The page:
Abdomen (Abdominoplasty)

Tummy tuck, or abdominoplasty, is used to surgically remove excess fat and skin from the abdomen while tightening the muscles along the abdominal wall. Candidates for abdominoplasty include both men and women in good shape who have loose skin and/or fat in the abdomen, weak abdominal muscles, or an abdomen that is not proportionate to the rest of their body. The surgery is particularly helpful for women whose multiple pregnancies may have stretched their abdominal skin and muscles beyond the point where they can return to normal.


In most cases, surgeons advise delaying a tummy tuck for anyone planning to lose a significant amount of weight or for women planning to become pregnant.


A tummy tuck usually requires a low horizontal incision just above the pubic area. The length of the incision depends on how much skin must be removed. Once the incision is made, the surgeon tightens the muscles around the abdominal wall and trims away loose skin around the lower abdomen. In some cases, the procedure may be performed with an endoscopic instrument through tiny incisions instead. Liposuction is sometimes performed in conjunction with tummy tuck.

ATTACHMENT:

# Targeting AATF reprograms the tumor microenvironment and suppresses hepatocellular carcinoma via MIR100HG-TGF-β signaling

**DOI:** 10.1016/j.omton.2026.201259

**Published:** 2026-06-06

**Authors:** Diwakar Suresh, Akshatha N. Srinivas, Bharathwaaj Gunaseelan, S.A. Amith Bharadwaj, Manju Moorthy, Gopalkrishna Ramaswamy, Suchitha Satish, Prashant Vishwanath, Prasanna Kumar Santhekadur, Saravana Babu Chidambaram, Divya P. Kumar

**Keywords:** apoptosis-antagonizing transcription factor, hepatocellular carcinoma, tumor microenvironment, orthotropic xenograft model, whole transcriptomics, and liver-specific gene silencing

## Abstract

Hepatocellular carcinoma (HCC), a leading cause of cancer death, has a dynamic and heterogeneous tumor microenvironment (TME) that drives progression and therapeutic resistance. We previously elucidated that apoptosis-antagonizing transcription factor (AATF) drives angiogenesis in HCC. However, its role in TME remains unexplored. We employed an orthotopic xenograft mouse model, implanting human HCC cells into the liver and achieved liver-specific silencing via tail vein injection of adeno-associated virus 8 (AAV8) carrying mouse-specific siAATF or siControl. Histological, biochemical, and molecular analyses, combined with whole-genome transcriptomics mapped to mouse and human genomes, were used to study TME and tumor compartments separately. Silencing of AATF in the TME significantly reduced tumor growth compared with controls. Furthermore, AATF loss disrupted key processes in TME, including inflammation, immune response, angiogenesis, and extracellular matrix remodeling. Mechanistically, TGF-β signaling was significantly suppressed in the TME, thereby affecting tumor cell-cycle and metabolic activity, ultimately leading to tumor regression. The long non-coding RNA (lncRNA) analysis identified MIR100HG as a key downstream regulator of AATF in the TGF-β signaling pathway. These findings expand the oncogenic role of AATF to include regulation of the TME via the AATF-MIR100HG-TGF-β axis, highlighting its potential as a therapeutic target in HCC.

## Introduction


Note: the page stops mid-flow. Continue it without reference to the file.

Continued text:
The results of an abdominoplasty can be long-lasting if you maintain your diet and exercise on a regular basis.


Abdominoplasty is usually performed under general anesthesia or under intravenous sedation, although local anesthesia may be used in some cases.

Before Surgery

  • void overexposure to the sun.
  • Do not go on a stringent diet.
  • Avoid taking aspirin, Advil, Motrin, or other aspirin-containing products for two weeks prior to surgery.


  • If you are a smoker, stop smoking to aid in healing.


  • Surgical drains are usually removed in five to seven days.
  • Sutures are self-dissolving.
  • Returning to work may occur after two to four weeks.
  • A gradual return to exercise helps aid healing.
  • Scars may lighten after six to nine months; scars are not visible under bathing suits.